Conservative MP Crispin Blunt is calling for the practice of saying prayers at the beginning of parliamentary business in the House of Commons and House of Lords...
MP supports parliamentary prayers by suggesting completely opposite amendment
After Crispin Blunt MP proposed stopping prayers at the beginning of each political day, another MP puts forward an amendment saying the opposite.
Since around 1558, sitting in both Houses starts with prayers, usually read by the Speaker's chaplain (currently Rev Rose Hudson-Wilkins) in the House of Commons and by one of the Bishops in the House of Lords.
Attendance is voluntary but often MPs will often come in beforehand to place 'prayer cards' in front of a particular seat so they can secure it for a spot during a debate later in the day.
On Tuesday though, Conservative MP Crispin Blunt called for the practice of prayers to be abolished by putting down an Early Day Motion claiming that parliamentary prayers are "not compatible with a society which respects the principle of freedom of and from religion".
On Thursday, the Labour MP for Leicester East, Keith Vaz made suggestions to Crispin Blunt's motion and in doing so re-wrote it to say exactly the opposite.
The original motion read: "That this House recognises that religious worship should not play any part in the formal business of the House of Commons; believes that parliamentary meetings should be conducted in a manner equally welcoming to all attendees, irrespective of their personal beliefs; further believes that Parliamentary Prayers are not compatible with a society which respects the principle of freedom of and from religion; urges that prayers should not form part of the official business of Parliament; and calls on the Procedure Committee to consider alternative arrangements."
Keith Vaz' suggested amendment recommends that from: "Line 1, leave out from 'House' to end and insert 'recognises the importance of prayer to the work of Members, whatever their faith or beliefs; understands that prayers have been a central part of the work of this House since 1558, and that it has followed its present form since the reign of Charles II; commends the way in which the Speaker’s Chaplain leads prayers, which provide a time for reflection, perspective and calm ahead of the important work of the House; and recognises that Members are under no obligation to participate, should they object to such proceedings.'"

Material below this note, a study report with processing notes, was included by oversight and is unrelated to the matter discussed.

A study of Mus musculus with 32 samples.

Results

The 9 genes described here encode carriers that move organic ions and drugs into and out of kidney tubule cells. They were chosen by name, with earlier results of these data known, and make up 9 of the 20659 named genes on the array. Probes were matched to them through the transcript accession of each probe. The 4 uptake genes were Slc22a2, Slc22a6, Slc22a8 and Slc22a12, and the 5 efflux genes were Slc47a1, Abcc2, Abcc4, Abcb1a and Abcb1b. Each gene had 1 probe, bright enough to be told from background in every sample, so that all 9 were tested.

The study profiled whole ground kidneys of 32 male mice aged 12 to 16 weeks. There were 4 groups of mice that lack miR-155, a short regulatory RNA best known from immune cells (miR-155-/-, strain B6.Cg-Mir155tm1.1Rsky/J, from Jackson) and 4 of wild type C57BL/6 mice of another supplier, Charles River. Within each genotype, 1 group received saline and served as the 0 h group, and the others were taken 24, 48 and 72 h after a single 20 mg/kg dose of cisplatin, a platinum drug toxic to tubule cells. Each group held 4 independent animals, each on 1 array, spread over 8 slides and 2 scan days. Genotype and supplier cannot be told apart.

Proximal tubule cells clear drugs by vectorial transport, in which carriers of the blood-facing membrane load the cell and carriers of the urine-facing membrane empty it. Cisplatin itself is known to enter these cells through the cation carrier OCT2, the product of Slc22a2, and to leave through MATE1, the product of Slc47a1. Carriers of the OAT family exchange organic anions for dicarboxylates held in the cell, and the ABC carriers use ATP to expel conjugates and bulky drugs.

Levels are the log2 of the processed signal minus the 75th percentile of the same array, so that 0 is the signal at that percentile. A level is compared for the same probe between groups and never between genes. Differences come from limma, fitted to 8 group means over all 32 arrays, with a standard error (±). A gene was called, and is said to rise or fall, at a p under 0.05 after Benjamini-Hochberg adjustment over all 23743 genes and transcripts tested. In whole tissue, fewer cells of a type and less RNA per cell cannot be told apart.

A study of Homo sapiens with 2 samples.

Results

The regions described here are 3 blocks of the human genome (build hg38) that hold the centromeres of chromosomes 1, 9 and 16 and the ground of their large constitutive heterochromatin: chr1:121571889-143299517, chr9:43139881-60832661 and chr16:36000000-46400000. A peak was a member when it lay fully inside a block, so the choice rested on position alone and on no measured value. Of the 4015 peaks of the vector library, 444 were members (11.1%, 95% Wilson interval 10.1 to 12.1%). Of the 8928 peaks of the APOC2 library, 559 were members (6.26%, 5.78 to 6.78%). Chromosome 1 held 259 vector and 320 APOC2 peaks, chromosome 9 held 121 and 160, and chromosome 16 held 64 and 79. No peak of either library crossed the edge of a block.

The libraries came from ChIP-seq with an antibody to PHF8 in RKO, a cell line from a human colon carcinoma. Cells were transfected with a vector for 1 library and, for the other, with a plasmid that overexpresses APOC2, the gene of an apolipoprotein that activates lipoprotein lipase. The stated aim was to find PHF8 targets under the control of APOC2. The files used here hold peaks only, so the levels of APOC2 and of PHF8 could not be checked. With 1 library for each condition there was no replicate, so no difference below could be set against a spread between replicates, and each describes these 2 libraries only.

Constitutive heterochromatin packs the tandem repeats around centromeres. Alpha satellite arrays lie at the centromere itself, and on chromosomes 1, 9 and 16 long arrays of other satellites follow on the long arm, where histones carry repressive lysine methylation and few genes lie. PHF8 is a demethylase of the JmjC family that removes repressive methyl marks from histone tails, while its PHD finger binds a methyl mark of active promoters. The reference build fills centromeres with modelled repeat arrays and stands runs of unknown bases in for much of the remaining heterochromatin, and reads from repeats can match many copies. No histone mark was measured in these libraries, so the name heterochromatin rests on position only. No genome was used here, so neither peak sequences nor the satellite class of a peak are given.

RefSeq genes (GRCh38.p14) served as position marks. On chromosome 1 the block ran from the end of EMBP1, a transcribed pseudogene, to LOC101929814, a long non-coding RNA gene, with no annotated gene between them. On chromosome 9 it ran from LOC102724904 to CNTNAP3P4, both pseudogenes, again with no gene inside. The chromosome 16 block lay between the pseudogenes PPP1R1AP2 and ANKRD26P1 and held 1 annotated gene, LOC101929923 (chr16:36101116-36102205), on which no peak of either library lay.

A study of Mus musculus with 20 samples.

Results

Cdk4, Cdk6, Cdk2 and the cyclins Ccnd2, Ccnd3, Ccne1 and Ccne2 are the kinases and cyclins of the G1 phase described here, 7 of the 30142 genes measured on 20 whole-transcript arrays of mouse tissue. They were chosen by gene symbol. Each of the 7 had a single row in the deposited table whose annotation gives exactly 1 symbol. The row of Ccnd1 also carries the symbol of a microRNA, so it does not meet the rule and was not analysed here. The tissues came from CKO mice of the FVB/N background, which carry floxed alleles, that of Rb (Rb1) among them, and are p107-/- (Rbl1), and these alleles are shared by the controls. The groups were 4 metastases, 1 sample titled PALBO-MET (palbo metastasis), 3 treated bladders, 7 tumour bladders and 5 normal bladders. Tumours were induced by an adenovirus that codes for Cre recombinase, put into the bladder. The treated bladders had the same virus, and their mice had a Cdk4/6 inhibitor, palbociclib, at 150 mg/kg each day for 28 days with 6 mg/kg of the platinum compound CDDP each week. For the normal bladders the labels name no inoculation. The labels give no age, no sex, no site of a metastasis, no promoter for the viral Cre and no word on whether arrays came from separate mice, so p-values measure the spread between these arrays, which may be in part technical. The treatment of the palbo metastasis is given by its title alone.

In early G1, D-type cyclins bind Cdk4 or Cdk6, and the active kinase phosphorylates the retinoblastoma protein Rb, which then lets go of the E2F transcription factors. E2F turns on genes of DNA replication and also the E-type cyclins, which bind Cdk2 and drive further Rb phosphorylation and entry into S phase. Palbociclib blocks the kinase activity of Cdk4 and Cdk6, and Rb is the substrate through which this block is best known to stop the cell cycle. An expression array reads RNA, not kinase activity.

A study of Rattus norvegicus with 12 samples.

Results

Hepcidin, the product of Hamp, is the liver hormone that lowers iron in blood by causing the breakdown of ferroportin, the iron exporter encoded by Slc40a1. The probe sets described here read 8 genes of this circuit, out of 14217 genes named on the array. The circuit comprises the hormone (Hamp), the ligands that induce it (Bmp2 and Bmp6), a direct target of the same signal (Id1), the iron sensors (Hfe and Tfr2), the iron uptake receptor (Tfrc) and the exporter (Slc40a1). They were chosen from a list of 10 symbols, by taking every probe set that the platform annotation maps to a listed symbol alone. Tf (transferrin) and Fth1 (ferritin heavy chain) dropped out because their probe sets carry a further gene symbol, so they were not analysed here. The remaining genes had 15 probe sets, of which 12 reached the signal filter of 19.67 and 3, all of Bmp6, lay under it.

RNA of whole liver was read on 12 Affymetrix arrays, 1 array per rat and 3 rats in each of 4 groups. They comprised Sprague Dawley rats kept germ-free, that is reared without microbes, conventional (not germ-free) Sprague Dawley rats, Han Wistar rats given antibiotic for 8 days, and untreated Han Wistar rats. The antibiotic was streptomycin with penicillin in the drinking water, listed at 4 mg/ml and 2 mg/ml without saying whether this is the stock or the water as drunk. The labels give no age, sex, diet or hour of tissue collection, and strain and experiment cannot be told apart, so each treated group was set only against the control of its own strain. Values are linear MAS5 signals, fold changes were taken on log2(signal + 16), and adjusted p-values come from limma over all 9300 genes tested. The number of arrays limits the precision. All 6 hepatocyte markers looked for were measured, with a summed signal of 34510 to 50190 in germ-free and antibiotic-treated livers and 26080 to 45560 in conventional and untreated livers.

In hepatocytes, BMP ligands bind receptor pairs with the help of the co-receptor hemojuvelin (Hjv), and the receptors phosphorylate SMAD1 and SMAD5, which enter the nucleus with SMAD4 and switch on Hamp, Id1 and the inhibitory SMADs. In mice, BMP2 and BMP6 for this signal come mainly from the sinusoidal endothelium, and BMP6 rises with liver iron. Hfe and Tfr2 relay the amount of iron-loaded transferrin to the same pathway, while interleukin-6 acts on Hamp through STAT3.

There have been numerous calls for a rethink to the prayers over the years.
This latest call comes with the backing of eight other MPs (Tom Brake, Nia Griffith, Kelvin Hopkins, Layla Moran, Tommy Shepherd, Alex Sobel and Emma Dent Coad) and the National Secular Society (NSS).
NSS chief executive Stephen Evans said: "Religious worship is for individuals who choose it - not for nations or legislative bodies.
"Members of parliament are of course free to pray in their own time, but institutionalised prayer doesn't belong in the legislative process. Parliament should reflect the country as it is today.
The main prayer in the House of Commons is: "Lord, the God of righteousness and truth, grant to our Queen and her government, to Members of Parliament and all in positions of responsibility, the guidance of your Spirit.
"May they never lead the nation wrongly through love of power, desire to please, or unworthy ideals but laying aside all private interests and prejudices keep in mind their responsibility to seek to improve the condition of all mankind; so may your kingdom come and your name be hallowed. Amen."